The power of daily painting (1) – Reclaim your creativity
Daily painting is the fundamental element in my art practice. I paint every single day. I make exceptions, though. I never paint on weekends and holidays, and I skip my painting practice when something urgent happens that I have to deal with. But if that’s not the case, I paint. Period.
There is so much to say about the importance of daily painting that I could write a whole book about it:
- Daily painting helps you to reclaim your lost creativity
- Daily painting kills procrastination
- Daily painting undermines self-doubt and fear
- Daily painting helps you to handle your inner art critic
- Daily painting lets you tap into your creativity
- Daily painting grows your craft
- Daily painting is a spiritual practice, similar to meditation
- Daily painting gets you from thinking to doing mode
- Daily painting gets you from thinking to being mode
- And last, but not least, daily painting is fun!
Because there is so much to say about daily painting, I will break it down into pieces and write more than one blog post about it. This first blog post is about how daily painting helps you to reclaim your lost creativity. If this rings a bell, read along!
It is not always easy
Art making is a fantastic thing to do. It gives color to your life and makes you happy in very many ways. Contrary to what many people think, however, it is not always fun and easy. When I do my daily painting practice, I often dread starting. Sometimes I don’t feel inspired, or I get stuck because I don’t know what I should do since there are so many possibilities. Sometimes I feel that I fail as an artist, while everyone else seems to paint without any effort, and many days I feel rushed because there are lots of other things on my plate.In short, starting to paint is not always fun, and sometimes I run into a wall.
Art feeds my soul
At the same time, I know art-making is very important to me. It feeds my soul and keeps me centered. I love the smell of paint, the sound of scratching Indian Ink on paper, the excitement of making bold marks. I love forgetting myself and disappearing into a magical world of colors, lines, and shapes. One thing is for sure: I don’t want to stop making art.
A serious promise
At the same time, I know that if I had not made a serious promise to myself to paint on a daily basis, I would have skipped the painting by now. I would have started procrastinating to make art and would slowly have drifted away from painting on a regular basis.
The thing is, procrastination is self-reinforcing. Once you start procrastinating and skip one day of painting, it becomes more probable that you skip the next day, too. The things that hinder you today will probably still hinder you tomorrow. Your life situation or your psychological makeup will not have changed overnight. Next day you can still feel uninspired, doubtful, busy, and tired. The counterforces that keep you from painting have probably not changed.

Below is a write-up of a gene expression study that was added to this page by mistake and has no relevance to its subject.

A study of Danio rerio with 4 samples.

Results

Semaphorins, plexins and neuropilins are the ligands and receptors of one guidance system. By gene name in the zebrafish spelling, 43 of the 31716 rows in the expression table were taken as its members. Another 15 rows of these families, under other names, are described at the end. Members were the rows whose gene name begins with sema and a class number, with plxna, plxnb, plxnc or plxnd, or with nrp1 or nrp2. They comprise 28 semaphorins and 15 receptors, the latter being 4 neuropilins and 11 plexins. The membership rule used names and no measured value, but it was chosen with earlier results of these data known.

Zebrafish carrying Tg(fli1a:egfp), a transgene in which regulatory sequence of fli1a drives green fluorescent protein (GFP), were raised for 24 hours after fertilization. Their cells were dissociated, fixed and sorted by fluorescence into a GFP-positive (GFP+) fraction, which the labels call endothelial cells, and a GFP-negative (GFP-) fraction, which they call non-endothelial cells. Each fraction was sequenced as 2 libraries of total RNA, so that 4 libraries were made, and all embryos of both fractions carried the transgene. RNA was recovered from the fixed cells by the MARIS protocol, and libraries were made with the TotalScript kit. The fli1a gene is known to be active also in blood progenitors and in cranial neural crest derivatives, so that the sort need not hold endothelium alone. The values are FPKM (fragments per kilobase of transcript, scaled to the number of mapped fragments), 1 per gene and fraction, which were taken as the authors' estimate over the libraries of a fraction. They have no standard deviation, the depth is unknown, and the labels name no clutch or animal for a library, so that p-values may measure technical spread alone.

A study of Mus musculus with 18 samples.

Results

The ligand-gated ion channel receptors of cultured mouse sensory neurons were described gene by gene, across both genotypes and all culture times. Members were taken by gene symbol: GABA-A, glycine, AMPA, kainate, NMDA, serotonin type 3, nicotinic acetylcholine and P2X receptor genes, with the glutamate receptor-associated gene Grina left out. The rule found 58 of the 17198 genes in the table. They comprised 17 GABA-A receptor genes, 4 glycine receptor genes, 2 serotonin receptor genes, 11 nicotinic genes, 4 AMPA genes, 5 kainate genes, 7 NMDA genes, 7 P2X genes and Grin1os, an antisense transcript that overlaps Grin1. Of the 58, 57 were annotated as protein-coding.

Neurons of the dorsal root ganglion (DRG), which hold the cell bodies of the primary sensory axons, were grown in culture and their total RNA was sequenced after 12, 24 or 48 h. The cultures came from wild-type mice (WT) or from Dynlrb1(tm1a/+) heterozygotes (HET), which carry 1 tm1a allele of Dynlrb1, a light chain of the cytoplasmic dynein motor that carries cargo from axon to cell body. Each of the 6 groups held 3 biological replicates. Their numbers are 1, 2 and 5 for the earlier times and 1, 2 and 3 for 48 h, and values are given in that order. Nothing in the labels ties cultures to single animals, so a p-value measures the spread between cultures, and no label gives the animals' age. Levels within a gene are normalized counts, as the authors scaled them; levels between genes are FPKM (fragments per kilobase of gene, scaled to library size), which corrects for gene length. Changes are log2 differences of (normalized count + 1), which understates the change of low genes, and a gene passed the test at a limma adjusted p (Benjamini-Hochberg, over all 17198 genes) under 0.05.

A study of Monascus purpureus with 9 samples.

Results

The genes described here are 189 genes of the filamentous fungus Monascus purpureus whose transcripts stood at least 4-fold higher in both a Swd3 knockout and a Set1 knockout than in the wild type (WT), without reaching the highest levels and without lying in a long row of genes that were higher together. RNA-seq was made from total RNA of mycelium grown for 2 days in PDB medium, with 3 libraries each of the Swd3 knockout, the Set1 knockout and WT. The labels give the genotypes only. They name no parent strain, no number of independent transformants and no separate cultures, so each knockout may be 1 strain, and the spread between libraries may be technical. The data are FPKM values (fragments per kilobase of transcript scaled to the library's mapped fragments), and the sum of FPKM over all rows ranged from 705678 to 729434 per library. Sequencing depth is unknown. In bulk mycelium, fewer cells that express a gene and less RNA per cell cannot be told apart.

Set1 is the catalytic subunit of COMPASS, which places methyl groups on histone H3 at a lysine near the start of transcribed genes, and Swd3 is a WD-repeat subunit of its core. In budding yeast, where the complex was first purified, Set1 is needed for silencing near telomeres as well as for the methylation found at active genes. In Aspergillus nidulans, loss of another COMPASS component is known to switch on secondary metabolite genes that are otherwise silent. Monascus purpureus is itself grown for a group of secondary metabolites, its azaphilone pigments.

This sounds exaggerated maybe. Why talk about counterforces? What on earth can be so difficult about making marks or putting paint on paper? At first sight, this is true. Just pick up a pencil and make marks! Buy a bottle of paint and try something out! Don’t make such a big deal out of it! But for most grown-ups, it is not that easy.
This is different for an average child. If you give a four-year-old child a piece of paper and a few crayons, it scratches happily along without any barriers. Expressing oneself through art is for most children as natural as running, laughing, screaming, and crying.
Once you become older, things change, though. There are other people around who have opinions about your painting. The cat you just drew should have smaller ears or a longer tail. The trunk of your trees should be brown, not purple, and the leaves should be green, not blue. Or maybe it’s the other way around. Your parents or your teachers tell you how special and beautiful your paintings are, so you feel there is a standard set that you have to meet next time.
Reclaiming the right to create
Once you are grown up, there is usually not much left from the freedom and unconcerned joy that you experienced as a child. The bold and wild artist within has withered and become uncertain and insecure. Nonetheless, the blocked and inhibited adult that you have grown into still remembers how it feels to paint without constraints. You know deep inside that it is still possible to paint wildly and with abandon. You still realize that it is your birthright to create.
Once you reclaim this right and start painting again, your first steps on the path of art can feel wobbly. It is very seductive to step back to the safe path and the well-known territory of coloring within the lines. You have to unlearn seriousness and let go of the constraint and the neatness and relearn to be bold, wild, intuitive and playful again.
This is no easy change. You can feel very uncertain while making this change, and we as humans generally don’t like this wobbly feeling. Subconsciously we are wired to stay away from unknown territory.
So when you want to rediscover the wild artist within again, you need to take a steady approach. Your playful self might not feel firmly on his or her feet yet, so taking baby steps is the way to go. Daily painting is a beautiful way of taking such baby steps. Doing so, you slowly and gently guide your inner artist back into your world and your daily life. By painting every day, you steadily rewire yourself. You learn that it is not necessary to feel comfortable and safe when you create. By taking one baby step at a time, a new path arises. Because you paint every day, you reclaim your creativity and start to trust yourself as a creator again.
How have you reclaimed your creativity again? Let me know in the comments below, or become part of the ArtNow Community and join in our shared art journey there!